TV Station Gets OK to Shut Down Analog7/09/2004 3:22 AM Eastern
Another TV station has received federal approval to shut down analog service and complete the transition to digital broadcasting more than two years earlier than technically required.
The Federal Communications Commission granted analog-shutoff permission Thursday to WRNN-TV in Kingston, N.Y. The agency said the station’s current off-air-only viewers would not be harmed because Nielsen Media Research reported in April that WRNN-TV had “no reportable over-the-air viewing.”
After WRNN-TV terminates analog broadcasting, it may demand cable-system carriage of its digital signal. Under current FCC policies, however, the station may insist on analog-cable carriage of the digital signal if it pays for conversion equipment at cable headends.
WRNN-TV notified the FCC that it planned to demand analog-cable carriage. Digital-TV stations currently have no carriage rights on direct-broadcast satellite because the commission has yet to adopt rules in this area.
Just a few stations have been given the green-light to cease analog TV: WMCN (formerly WACC) in Atlantic City, N.J.; WNTV in Goldvein, Va.; and KVMD in Twentynine Palms, Calif.
KJLA, a bilingual station in Los Angeles, has filed an analog-shutdown request but the FCC has not placed it on public notice.
The U.S. has 1,744 full-power commercial- and public-TV stations, according to FCC figures released March 31. All are required to transition to digital.
The digital-TV transition is supposed to conclude Dec. 31, 2006, unless TV stations can demonstrate that fewer than 85% of local TV households have digital-TV-reception equipment, such as digital-TV sets or digital set-top boxes.
The FCC is formulating a plan under Media Bureau chief Kenneth Ferree that would likely end the transition Dec. 31, 2008, under a scheme that would require TV stations to elect must-carry just for their digital signals and require cable operators to downconvert those signals to analog. TV households that received downconverted digital signals would count toward the 85% threshold.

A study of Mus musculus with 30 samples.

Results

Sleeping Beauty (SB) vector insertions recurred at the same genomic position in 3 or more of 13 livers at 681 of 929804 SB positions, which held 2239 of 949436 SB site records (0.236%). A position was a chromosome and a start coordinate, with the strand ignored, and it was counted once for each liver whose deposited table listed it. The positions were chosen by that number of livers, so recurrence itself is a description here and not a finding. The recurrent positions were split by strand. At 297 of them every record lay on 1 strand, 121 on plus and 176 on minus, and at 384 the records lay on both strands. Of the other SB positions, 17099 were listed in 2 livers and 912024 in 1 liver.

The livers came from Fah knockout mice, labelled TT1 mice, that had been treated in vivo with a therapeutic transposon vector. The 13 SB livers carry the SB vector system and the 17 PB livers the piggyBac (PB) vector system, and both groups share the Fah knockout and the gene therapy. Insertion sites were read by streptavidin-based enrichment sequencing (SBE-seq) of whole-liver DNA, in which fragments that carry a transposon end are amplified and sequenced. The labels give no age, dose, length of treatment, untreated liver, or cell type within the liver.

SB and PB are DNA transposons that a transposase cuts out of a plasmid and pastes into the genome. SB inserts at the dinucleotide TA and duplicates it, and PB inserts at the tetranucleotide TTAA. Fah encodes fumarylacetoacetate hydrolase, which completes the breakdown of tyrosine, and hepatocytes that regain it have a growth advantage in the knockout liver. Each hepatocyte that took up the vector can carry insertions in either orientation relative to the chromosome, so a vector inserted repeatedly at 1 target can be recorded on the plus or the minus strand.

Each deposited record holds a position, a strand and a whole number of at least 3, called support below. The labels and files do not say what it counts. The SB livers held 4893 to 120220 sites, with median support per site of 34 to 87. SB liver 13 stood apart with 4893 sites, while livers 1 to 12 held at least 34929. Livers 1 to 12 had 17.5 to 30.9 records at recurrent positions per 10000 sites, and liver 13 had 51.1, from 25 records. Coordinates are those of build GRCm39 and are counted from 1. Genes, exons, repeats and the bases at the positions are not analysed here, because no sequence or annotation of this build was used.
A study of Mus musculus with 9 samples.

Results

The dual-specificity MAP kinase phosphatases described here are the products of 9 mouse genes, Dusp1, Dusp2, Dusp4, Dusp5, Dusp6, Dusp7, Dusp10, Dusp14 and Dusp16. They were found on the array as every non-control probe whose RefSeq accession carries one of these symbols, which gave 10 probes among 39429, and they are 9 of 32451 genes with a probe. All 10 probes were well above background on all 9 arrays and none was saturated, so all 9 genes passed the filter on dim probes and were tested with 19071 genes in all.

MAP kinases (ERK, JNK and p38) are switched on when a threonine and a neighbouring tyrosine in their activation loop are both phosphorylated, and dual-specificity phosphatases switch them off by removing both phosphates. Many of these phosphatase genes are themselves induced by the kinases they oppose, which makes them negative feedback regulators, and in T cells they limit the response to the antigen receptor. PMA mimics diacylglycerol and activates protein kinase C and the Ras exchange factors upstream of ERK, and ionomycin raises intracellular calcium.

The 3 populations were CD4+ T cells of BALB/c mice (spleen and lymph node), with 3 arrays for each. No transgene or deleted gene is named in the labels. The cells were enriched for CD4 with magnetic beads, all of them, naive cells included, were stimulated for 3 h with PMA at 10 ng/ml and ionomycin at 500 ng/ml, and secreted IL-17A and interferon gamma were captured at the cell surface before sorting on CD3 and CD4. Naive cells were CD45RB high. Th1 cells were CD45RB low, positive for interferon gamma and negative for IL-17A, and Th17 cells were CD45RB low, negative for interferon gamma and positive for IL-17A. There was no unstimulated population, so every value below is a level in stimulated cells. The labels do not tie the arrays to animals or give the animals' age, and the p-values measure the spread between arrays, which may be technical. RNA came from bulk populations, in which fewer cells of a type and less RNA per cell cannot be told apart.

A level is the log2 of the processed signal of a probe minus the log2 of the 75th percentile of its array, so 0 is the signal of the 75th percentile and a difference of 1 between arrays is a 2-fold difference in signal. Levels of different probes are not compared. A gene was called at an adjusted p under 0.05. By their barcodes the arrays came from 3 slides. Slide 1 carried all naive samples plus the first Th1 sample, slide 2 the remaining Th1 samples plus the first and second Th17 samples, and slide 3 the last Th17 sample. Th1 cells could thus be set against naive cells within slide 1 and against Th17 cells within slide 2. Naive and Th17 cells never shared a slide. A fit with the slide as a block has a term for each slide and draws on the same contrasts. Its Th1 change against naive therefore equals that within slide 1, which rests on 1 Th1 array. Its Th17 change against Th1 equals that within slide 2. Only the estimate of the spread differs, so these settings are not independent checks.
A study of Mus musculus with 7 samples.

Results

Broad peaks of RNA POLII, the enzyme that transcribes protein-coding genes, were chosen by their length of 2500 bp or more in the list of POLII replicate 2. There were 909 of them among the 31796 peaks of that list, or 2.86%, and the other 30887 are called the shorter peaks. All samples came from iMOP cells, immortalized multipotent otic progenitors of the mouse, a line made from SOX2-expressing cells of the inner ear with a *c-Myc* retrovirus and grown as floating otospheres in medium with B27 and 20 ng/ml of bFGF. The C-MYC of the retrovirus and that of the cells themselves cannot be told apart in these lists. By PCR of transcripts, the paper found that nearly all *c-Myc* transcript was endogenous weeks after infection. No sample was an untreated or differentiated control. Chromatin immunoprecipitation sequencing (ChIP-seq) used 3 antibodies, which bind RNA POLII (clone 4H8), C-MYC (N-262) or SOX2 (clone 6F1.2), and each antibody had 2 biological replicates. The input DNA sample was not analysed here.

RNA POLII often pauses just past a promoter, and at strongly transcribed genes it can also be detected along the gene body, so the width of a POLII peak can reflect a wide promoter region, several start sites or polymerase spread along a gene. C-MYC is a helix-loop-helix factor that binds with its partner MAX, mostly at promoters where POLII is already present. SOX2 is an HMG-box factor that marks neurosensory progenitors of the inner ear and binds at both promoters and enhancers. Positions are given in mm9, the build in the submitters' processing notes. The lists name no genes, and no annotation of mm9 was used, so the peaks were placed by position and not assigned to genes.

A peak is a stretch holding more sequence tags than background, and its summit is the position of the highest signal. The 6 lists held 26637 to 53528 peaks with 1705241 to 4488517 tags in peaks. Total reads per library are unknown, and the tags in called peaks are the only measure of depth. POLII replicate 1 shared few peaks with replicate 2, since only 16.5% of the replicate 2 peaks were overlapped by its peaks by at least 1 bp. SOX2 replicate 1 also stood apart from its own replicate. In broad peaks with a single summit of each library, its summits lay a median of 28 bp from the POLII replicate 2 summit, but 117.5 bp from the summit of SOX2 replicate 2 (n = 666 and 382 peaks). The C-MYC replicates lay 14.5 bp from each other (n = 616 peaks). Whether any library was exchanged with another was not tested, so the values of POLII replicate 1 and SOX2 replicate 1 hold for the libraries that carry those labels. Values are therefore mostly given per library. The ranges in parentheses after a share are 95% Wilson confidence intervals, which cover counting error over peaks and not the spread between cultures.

Broadcasters strongly oppose the Ferree plan, saying that it places spectrum-reclamation needs ahead of consumer interests.
The FCC reckons that if the number of downconverted households were added to the number of DBS subscribers who buy local-TV-signal packages, the 85% test would be met in the vast majority of TV markets Dec. 31, 2008, thus ending the digital TV transition on a date certain rather than tying it to an unknowable date based on household penetration of digital equipment.
WRNN filed its request Dec. 19, and it was placed on public notice April 27. WRNN’s station occupies channel 62, which is within a 66-megahertz block of spectrum that the FCC is attempting to clear for advanced wireless services and public-safety needs.
WRNN's digital signal could occupy channel 48.
The FCC said it is willing to grant an analog-shutdown request if, among other things, it would expedite band-clearing and if it did not involve any of the top-four-rated stations in the relevant market.
WRNN had a big incentive to transition to digital. The station informed the FCC that its digital signal would extend its “interference-free coverage to an additional 11.9 million people.”
A WRNN spokesman did not return a reporter's call for comment.